By PA
(Photo by David Rogers/Getty Images)



Wales head coach Wayne Pivac, though, has retained Biggar as skipper, with the countdown continuing to next year’s World Cup in France.


“I’ve enjoyed the responsibility of it, I really have,” Biggar said.

“I probably thought I would have to be thinking a lot more about decisions and the way I controlled myself, but it has felt quite natural.

“Sometimes there have been moments when I have wanted to lose the plot a little bit or give someone a kick up the backside or whatever.

“But I think it has helped in that aspect, making sure the next moment is the most important, as opposed to when you are not captain and you can rant and rave a bit more at the other boys.


Biggar wins his 100th cap in Wales’ Six Nations finale, reaching three figures 14 years after making a Test debut against Canada in Cardiff.

At 32, he remains a pivotal part of the Wales set-up and a third World Cup appears well within his range.

“I’ve said all along that I really think that age is a number,” Biggar added.


“If you are 17 and you are good enough, you should be playing, same as if you are 36. If you are the best person in that position, it doesn’t matter what your age is.

“The body feels good when I am training – a little bit stiff on a day off when I am walking down the stairs after games – but generally I feel pretty good and hopefully there is a fair bit to go.”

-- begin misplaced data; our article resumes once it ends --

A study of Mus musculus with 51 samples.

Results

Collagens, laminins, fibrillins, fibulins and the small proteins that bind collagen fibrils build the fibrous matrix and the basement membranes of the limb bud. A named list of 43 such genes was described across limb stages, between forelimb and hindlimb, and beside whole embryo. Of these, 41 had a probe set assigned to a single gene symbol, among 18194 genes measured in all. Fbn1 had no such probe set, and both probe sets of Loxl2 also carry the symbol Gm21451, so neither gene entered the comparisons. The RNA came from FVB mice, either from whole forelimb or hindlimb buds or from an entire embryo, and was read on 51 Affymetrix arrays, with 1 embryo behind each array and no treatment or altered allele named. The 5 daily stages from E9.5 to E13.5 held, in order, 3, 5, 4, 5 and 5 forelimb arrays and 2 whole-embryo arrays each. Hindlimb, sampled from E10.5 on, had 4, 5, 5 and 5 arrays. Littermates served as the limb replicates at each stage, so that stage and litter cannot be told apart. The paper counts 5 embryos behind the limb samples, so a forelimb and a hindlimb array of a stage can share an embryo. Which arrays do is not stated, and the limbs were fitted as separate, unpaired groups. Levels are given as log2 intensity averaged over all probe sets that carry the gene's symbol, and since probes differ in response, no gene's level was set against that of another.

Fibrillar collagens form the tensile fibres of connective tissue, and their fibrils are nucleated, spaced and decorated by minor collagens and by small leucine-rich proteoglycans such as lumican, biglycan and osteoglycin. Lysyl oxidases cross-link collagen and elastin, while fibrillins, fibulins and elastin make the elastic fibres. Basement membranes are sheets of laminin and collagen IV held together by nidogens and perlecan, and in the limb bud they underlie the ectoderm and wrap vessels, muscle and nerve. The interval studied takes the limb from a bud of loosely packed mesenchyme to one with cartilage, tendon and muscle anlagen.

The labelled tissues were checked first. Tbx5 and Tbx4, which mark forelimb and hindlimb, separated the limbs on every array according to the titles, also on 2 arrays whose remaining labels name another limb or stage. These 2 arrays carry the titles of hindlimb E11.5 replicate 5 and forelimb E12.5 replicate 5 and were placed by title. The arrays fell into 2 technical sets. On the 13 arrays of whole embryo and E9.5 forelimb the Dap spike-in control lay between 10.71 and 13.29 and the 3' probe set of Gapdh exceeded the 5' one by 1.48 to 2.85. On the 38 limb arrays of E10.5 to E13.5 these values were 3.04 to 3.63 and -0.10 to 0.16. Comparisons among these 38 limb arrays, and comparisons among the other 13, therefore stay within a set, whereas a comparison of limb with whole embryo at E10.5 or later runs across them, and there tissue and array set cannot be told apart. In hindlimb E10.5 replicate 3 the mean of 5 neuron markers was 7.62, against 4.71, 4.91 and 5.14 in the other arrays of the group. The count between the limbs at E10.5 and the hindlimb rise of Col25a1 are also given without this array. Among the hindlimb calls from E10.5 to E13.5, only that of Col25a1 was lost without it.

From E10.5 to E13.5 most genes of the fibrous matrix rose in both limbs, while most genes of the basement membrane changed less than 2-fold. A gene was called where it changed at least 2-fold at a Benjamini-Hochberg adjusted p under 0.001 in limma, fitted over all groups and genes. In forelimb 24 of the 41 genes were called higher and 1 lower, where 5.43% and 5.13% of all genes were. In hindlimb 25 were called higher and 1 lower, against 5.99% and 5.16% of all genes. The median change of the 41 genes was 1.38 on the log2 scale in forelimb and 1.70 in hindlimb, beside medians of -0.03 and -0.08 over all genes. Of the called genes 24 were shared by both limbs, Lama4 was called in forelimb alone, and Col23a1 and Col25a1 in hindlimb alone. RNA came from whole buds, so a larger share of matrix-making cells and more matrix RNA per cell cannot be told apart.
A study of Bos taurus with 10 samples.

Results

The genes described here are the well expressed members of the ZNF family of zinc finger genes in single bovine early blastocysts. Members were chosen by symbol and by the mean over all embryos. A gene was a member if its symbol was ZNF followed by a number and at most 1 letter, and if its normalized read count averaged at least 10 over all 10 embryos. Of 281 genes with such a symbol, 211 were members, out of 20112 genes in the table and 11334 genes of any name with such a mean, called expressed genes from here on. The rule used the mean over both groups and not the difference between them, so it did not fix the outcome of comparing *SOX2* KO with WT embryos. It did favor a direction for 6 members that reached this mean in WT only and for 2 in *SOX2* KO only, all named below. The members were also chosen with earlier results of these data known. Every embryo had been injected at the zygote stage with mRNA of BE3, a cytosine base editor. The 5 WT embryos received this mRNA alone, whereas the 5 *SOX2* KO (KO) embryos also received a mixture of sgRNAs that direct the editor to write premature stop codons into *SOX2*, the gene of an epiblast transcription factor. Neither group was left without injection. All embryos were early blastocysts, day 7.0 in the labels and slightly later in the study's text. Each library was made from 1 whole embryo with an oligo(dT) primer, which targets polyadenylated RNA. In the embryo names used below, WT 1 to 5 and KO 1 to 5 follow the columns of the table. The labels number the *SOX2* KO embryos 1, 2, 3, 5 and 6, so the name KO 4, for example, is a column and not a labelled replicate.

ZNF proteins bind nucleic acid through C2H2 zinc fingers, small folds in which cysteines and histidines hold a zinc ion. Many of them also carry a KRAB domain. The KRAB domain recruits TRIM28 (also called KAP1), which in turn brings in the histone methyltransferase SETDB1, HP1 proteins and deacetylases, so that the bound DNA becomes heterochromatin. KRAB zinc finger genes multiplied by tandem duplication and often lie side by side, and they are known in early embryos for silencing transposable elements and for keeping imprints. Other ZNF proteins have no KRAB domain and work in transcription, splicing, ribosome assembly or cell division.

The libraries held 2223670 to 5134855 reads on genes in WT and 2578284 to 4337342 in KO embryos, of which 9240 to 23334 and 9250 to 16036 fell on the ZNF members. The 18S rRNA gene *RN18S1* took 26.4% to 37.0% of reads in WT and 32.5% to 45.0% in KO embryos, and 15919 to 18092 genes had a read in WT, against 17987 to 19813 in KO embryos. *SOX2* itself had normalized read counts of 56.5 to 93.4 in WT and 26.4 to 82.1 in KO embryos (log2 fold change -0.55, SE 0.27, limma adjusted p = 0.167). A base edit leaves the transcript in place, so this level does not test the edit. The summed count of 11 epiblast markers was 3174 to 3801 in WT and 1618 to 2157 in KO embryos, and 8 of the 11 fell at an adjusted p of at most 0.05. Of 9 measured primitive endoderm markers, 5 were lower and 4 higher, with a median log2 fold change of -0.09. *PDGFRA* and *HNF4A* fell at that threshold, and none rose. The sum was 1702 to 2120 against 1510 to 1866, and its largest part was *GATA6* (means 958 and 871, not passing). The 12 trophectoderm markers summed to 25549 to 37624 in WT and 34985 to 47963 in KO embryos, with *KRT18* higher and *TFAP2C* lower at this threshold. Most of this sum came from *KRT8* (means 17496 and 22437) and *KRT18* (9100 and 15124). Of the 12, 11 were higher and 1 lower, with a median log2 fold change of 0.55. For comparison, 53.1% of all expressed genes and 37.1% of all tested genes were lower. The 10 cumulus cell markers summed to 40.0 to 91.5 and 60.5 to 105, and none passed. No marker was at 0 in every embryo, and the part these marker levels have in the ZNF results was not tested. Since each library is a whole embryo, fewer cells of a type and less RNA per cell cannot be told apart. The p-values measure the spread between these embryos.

Wales, despite being well beaten by Ireland and then losing narrowly to England and France, could still finish third in the Six Nations.

They would need to beat Italy with a bonus point, then see how England and Scotland fare in their final games, but it is a realistic prospect.

“We have been exposed because of injuries in the last two campaigns, but what we’ve found certainly in this campaign is a bit of steel about us,” Biggar said.

“I am not saying we have excelled in everything we’ve done, as there are certain areas where we need to get better, but I think the team has found a real never-give-in desire.

“Apart from that first 60 minutes in Dublin, we have toughed it out and mixed with some really good teams. I think we are in a really good spot.

“We are developing lots of depth and hopefully over the next 12-18 months we can get to a peak, which is something we have had a habit of doing.

“We’ve done well at World Cups and hopefully we can do that again.”